Erin McDougald is a big-voiced Chicago-based singer who calls herself the "Flapper Girl" after the "flappers" of the 1920s,' looking back on them as emancipated, fearless women. That identity carries into her singing which comes across with a confidence and flair you rarely hear among younger jazz vocalists today. With her voice carrying a low, sultriness mixed with jazzy flexibility, she does not overtly sound like any of the great singers of the past but she has a versatility and freedom that, at various times, can recall Sarah Vaughan, Ella Fitzgerald or Chris Connor.
Most of the songs on her CD are familiar standards but the arrangements, most of which McDougald worked on, rework them and give them new life. "Brother Can You Spare a Dime" is set to an itchy Cuban groove, "Midnight Sun" is spun into a whirling, tipsy waltz and "The Masquerade Is Over" is played as a gliding bossa nova. McDougald's singing on the entire CD sails beautifully over all the shifting moods and tempos. "Don't Wait Up For Me," in particular, shows the nuanced way she can ride a melody over strong pulsing music from a band that includes a couple of prominent names, Dave Liebman and Tom Harrell.
Liebman's slippery soprano and Harrell's dancing trumpet shine on that track and others like the jumping "Don't Be on the Outside" where they, along with Mark Sherman on vibes and Rob Block on piano, get to solo in the wake of McDougald's sassy, swinging vocal. An intimate blend of tenor sax and guitar supports McDougald's intense purr on her own composition, "Outside the Soiree" while Liebman and Sherman inject bluesy soul into a surprisingly grooving version of "Spring Can Really Hang You Up The Most." "The Man with The Horn," appropriately, is where Harrell shines brightest with his muted, seductive commentary on McDougald's sultry wailing.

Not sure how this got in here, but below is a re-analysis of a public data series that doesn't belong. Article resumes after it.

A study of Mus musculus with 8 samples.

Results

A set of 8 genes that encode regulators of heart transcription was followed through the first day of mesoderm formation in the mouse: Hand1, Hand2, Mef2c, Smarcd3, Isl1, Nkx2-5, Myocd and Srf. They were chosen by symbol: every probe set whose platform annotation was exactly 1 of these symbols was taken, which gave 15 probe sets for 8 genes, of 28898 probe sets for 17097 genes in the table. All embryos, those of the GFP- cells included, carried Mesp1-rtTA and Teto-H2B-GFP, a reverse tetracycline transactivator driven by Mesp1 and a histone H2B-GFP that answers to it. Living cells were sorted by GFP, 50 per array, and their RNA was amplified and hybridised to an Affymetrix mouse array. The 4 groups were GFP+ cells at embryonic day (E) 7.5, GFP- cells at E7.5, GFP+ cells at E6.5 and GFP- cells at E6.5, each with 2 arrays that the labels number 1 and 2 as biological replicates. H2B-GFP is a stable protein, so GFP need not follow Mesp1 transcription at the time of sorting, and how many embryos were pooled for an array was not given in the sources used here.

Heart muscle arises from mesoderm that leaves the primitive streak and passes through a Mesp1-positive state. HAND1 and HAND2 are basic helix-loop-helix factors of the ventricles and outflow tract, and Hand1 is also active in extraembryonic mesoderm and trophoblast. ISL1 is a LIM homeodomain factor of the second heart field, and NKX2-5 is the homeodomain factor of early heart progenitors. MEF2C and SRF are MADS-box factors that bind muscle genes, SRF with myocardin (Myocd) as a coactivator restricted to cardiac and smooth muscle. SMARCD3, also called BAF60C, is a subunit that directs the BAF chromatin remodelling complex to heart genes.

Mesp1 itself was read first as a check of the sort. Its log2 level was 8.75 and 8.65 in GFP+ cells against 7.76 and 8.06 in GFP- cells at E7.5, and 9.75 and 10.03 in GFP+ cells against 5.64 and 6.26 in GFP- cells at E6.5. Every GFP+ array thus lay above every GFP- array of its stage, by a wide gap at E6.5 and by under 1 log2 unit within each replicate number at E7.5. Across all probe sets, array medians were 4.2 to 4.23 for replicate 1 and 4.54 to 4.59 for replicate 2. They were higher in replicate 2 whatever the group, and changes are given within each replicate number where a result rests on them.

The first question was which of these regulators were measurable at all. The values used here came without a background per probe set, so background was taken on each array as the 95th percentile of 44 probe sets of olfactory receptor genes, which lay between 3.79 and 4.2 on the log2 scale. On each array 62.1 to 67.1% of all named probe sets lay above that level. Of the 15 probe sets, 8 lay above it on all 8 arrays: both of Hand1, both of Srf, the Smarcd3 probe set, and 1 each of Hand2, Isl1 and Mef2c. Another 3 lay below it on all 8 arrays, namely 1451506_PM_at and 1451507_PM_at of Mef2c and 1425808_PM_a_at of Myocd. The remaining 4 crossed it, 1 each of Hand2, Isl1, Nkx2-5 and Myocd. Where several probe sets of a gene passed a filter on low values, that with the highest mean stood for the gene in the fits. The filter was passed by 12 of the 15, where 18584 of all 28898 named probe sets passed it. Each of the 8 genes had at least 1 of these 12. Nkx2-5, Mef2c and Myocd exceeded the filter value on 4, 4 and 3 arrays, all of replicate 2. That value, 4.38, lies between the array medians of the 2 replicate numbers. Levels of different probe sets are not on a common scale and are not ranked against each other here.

The ingenuity of McDougald's arranging really shows in her medley of the rueful classics, "When The World Was Young" and "Ballad of the Sad Young Men." Both are done at a slightly increased tempo. with Rob Block's solo guitar on the first leading into the entire rhythm section supporting graceful singing on the second. "Linger A While" and "Avalon" are combined into a medley of vocal gymnastics done at breakneck speed, with Block and drummer Rodney Green keeping pace with McDougald's flurries of sound. "The Parting Glass" is an old-English drinking song set to a subtle, hard-edged groove that has chiming vibes and bluesy, crying horns engaging in a jazzy rumble beside the singer's serpentine voice.
Erin McDougald is a commanding vocalist who has a commanding power in her voice and the ability to convey sensuality, fire and fun in her music. She surrounds herself with excellent musicians on this CD and creates a standout piece of work.
Don't Be on the Outside; Begin the Beguine; Brother, Can You Spare a Dime; The Man with the Horn; Midnight Sun; Outside the
Soiree; Don't Wait Up for Me; The Masquerade Is Over; Spring Can Really Hang You Up the Most; When the World Was Young /
Ballad of All the Sad Young Men; Linger A While / Avalon; Unusual Way; The Parting Glass.
Erin McDougald: vocals, bandleader; Dave Liebman: soprano & tenor saxophones; Tom Harrell: trumpet, flugelhorn; Mark
Sherman: vibraphone, percussion; Rodney Green: drums, cymbals; Chembo Corniel: percussion; Rob Block: piano, guitars; Dan
Block: alto saxophone, flute, clarinet; Cliff Schmitt: bass.